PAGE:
American Transcendentalism and Asian Religions

The first major study since the 1930s of the relationship between American Transcendentalism and Asian religions, and the first comprehensive work to include post-Civil War Transcendentalists like Samuel Johnson, this book is encyclopedic in scope. Beginning with the inception of Transcendentalist Orientalism in Europe, Versluis covers the entire history of American Transcendentalism into the twentieth century, and the profound influence of Orientalism on the movement--including its analogues and influences in world religious dialogue. He examines what he calls "positive Orientalism," which recognizes the value and perennial truths in Asian religions and cultures, not only in the writings of major figures like Thoreau and Emerson, but also in contemporary popular magazines. Versluis's exploration of the impact of Transcendentalism on the twentieth-century study of comparative religions has ramifications for the study of religious history, comparative religion, literature, politics, history, and art history.


Transcendentalism and the Orient
3
The First Meetings of East and West
16
3 Emerson Thoreau Alcott and the Orient
51
Melville and Brownson
119
Orientalism in GeneralInterest American Magazines
139
6 Ambience and Embodiment of Transcendental Dreams
172
7 Transcendentalist Periodicals and the Orient
184
The Orient and the Second Cycle of Transcendentalism
235
9 Conclusion
305
Bibliography
329
Index
351
Page 67 - It is a secret which every intellectual man quickly learns, that beyond the energy of his possessed and conscious intellect he Is capable of a new energy (as of an intellect doubled on itself), by abandonment to the nature of things; that beside his privacy of power as an individual man there is a great public power, on which he can draw by unlocking, at all risks, his human doors, and suffering the ethereal tides to roll and circulate through him...
Page 14 - She is of a wonderful sweetness, calmness and universal benevolence of mind, especially after this Great God has manifested Himself tc her mind. She will sometimes go about from place to place, singing sweetly; and seems to be always full of joy and pleasure, and no one knows for what. She loves to be alone, walking in the fields and groves and seems to have someone invisible always conversing with her.
Page 87 - Time is but the stream I go a-fishing in. I drink at it ; but while I drink I see the sandy bottom and detect how shallow it is. Its thin current slides away, but eternity remains. I would drink deeper ; fish in the sky, whose bottom is pebbly with stars.
Page 63 - Dream delivers us to dream, and there is no end to illusion. Life is a train of moods like a string of beads, and as we pass through them they prove to be many-colored lenses which paint the world their own hue, and each shows only what lies in its focus.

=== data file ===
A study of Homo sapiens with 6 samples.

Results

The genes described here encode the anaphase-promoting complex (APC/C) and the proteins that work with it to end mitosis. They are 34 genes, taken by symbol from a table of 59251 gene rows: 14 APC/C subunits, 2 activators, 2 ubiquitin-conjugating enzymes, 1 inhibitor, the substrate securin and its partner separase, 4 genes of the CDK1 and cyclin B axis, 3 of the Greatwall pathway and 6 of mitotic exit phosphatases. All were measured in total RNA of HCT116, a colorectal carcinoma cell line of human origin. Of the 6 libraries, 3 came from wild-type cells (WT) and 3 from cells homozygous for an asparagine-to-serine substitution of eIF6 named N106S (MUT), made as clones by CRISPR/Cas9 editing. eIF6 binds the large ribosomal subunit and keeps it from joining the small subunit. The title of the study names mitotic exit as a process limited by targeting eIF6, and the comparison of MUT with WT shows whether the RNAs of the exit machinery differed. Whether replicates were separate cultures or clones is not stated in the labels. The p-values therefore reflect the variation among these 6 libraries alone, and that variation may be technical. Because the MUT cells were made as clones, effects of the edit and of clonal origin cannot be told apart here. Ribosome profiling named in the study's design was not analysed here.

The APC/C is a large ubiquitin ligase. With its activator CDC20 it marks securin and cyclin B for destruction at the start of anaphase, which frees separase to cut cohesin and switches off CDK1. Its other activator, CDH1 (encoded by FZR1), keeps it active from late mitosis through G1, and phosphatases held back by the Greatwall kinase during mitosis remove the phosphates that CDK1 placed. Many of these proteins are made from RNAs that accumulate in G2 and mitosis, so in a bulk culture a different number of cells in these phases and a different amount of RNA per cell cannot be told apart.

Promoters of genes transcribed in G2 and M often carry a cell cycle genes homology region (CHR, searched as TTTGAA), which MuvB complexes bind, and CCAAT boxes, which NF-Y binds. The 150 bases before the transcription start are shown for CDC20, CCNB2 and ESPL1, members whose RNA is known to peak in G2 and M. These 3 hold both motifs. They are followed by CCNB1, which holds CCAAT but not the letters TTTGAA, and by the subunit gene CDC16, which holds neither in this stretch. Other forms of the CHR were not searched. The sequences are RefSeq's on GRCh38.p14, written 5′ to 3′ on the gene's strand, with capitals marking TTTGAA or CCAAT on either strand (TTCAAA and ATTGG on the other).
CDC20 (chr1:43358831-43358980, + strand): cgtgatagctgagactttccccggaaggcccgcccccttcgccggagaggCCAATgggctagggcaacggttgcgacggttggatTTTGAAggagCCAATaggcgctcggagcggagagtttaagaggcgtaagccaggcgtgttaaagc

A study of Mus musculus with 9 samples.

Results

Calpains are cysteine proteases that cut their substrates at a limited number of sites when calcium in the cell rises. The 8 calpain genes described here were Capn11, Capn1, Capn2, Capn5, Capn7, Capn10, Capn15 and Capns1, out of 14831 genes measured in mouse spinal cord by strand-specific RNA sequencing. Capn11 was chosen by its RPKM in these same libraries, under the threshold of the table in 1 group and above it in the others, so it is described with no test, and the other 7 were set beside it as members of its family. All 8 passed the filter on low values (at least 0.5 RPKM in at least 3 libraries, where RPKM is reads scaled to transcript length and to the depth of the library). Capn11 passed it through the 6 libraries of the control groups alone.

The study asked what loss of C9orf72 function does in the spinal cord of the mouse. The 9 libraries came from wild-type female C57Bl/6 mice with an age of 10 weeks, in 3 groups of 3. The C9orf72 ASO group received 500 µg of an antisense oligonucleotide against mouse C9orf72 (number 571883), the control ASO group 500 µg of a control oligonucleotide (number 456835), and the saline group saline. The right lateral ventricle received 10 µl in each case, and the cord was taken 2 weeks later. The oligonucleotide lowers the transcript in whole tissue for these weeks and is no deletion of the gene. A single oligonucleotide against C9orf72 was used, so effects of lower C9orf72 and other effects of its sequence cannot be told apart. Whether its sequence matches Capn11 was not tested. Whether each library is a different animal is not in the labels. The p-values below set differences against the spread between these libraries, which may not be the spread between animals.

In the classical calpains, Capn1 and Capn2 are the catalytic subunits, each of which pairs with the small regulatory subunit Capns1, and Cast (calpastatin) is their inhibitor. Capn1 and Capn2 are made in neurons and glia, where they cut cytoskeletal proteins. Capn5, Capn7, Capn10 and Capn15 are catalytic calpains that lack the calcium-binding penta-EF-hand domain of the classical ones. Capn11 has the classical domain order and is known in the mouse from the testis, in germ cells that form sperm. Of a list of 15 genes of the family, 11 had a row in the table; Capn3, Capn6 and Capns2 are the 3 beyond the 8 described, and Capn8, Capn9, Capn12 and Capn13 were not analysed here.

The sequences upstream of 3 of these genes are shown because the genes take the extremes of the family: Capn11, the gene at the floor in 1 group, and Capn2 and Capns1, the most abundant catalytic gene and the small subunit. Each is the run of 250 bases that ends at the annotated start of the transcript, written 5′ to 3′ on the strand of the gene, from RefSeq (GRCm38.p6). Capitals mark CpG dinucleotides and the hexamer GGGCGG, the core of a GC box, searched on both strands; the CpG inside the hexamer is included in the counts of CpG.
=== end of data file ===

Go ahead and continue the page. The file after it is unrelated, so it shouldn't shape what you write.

Page 57 - ... and trance and prophetic inspiration, — which is its rarer appearance, — to the faintest glow of virtuous emotion, in which form it warms, like our household fires, all the families and associations of men, and makes society possible. A certain tendency to insanity has always attended the opening of the religious sense in men, as if they had been "blasted with excess of light.
Page 75 - With the views I have intimated of the oneness or the identity of the mind through all individuals, I do not much dwell on these differences. In fact, I believe each individual passes through all three. The boy is a Greek ; the youth, romantic ; the adult, reflective.
Page 87 - Little is to be expected of that day, if it can be called a day, to which we are not awakened by our Genius, but by the mechanical nudgings of some servitor, are not awakened by our own newly acquired force and aspirations from within, accompanied by the undulations of celestial music, instead of factory bells, and a fragrance filling the air — to a higher life than we fell asleep from...
Page 34 - Atlantic clouds — this Whole Of suns and worlds and men and beasts and flowers. With all the silent or tempestuous workings By which they have been, are, or cease to be, Is but a vision; — all that it inherits Are motes of a sick eye, bubbles and dreams...
Page 95 - Think of our life in nature, — daily to be shown matter, to come in contact with it, — rocks? trees, wind on our cheeks! the solid earth! the actual world! the common sense/ Contact/ Contact/ Who are we? where are we?